Ernie Cortes likes to describe the outlook of the Industrial Areas Foundation as neither liberal nor conservative, but radical.
Labor organizer Saul Alinsky, who had begun forming "people's organizations" to improve the social and economic welfare of the residents of Chicago's poorest neighborhoods, founded the group in 1940. Its initial approach was to dispatch organizers to sites across the nation to establish grassroots community organizations. After three years at a site, the organizer would depart for a new location, leaving the chapter largely independent of the national I.A.F. from then on.
During the 1960's, many of the original I.A.F. organizations evolved into community-development corporations, some of which--like the Woodlawn Organization in Chicago--are still operating today.
After Alinksy died in 1972, the foundation's leadership passed to Edward T. Chambers, who believed it was necessary to create a formal national network of community organizations with stronger links between the groups. Today, the I.A.F. has more than 40 affiliates across the country, most of them coalitions of religious congregations. The largest concentration of affiliates is in Texas and the Southwest, the region Cortes supervises.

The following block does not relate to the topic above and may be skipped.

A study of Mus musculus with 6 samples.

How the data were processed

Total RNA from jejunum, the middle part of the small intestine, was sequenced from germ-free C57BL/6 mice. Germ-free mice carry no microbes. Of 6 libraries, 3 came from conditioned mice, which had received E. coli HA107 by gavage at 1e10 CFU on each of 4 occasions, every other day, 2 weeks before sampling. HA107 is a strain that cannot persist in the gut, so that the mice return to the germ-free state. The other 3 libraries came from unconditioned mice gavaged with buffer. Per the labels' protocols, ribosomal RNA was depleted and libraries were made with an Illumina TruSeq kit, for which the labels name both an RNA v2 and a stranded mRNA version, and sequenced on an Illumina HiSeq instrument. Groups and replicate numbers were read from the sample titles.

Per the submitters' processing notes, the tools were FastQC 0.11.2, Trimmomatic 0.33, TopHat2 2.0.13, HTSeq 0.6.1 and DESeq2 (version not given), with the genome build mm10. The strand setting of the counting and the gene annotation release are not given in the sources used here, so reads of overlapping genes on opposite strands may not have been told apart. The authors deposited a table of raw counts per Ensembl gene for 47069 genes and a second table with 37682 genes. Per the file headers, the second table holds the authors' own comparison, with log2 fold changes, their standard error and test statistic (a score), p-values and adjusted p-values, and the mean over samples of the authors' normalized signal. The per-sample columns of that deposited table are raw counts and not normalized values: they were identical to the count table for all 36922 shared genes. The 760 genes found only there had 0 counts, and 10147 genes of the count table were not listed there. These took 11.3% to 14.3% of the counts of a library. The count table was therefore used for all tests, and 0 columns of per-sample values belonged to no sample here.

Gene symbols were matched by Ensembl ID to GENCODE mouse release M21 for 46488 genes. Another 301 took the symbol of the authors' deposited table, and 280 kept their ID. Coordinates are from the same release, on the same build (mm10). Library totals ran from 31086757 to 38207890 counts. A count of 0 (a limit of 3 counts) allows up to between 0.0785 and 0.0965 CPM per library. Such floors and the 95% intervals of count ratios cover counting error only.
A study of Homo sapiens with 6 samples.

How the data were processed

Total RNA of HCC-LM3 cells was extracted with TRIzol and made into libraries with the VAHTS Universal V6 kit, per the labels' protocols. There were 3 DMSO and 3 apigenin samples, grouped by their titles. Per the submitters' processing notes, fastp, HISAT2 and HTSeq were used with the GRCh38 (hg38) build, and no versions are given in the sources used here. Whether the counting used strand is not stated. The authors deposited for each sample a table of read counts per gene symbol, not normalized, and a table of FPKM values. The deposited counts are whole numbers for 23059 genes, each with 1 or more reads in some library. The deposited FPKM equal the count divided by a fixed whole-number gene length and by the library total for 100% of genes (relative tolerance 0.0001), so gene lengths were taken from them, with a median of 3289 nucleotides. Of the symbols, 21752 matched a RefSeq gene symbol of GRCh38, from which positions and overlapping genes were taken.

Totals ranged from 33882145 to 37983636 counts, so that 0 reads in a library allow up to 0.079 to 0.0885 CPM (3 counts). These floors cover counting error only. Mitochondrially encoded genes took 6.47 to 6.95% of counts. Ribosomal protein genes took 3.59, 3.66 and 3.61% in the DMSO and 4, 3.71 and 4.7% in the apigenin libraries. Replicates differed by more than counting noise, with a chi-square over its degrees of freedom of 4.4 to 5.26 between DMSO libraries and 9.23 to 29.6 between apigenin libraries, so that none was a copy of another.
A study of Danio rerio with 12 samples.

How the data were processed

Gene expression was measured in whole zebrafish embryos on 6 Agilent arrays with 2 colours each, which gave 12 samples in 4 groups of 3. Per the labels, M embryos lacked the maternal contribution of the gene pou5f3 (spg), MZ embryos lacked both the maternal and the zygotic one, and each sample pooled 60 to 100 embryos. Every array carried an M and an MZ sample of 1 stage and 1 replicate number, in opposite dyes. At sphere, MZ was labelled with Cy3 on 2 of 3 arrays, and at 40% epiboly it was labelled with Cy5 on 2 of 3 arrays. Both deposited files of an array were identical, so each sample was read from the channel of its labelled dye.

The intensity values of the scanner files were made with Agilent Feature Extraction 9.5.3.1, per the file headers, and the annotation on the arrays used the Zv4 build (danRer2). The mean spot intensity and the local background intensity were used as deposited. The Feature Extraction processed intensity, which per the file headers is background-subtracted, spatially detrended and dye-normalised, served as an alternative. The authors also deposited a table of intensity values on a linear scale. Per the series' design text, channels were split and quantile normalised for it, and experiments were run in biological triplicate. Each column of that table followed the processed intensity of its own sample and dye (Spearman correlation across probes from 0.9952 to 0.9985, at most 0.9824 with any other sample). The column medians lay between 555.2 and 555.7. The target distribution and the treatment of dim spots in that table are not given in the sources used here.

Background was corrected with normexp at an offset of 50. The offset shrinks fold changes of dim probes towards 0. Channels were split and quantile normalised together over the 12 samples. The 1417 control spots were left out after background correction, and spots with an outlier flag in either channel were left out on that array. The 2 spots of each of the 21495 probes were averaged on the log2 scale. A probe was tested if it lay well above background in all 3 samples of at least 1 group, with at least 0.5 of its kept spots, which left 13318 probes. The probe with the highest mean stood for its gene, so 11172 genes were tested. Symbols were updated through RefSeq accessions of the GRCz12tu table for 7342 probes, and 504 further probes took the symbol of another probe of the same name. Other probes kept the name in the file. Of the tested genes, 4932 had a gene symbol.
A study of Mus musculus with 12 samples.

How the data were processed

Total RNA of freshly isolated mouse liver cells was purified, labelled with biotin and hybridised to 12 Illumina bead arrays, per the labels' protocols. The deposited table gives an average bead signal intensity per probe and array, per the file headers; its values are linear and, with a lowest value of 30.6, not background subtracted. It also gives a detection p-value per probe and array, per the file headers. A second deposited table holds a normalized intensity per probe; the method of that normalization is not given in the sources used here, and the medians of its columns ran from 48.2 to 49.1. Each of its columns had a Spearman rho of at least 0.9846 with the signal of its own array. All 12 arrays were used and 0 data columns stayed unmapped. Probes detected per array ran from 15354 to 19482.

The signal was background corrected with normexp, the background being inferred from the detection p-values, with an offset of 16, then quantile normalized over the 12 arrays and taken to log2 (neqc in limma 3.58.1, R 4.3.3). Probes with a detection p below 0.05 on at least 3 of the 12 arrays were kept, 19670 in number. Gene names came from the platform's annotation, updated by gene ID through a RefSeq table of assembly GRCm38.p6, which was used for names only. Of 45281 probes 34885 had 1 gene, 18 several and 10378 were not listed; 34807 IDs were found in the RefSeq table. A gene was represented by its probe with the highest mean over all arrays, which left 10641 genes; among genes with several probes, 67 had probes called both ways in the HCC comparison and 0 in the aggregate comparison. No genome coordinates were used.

A 1990 I.A.F. publication spells out its vision this way: "We believe that most leaders are made, not born, and that the majority of men and women have the ability to understand, to judge, to listen, to relate, to speak, to persuade, to confront, and to resolve. We find in our congregations and our blocks, in our public-housing projects and barrios, a vast pool of citizens, able-bodied and able-minded men and women. They are often untrained and untaught. They are ignored by almost everyone. They are even redefined as a new class or underclass, but time and again they have proved their ability to grow and develop if invested in."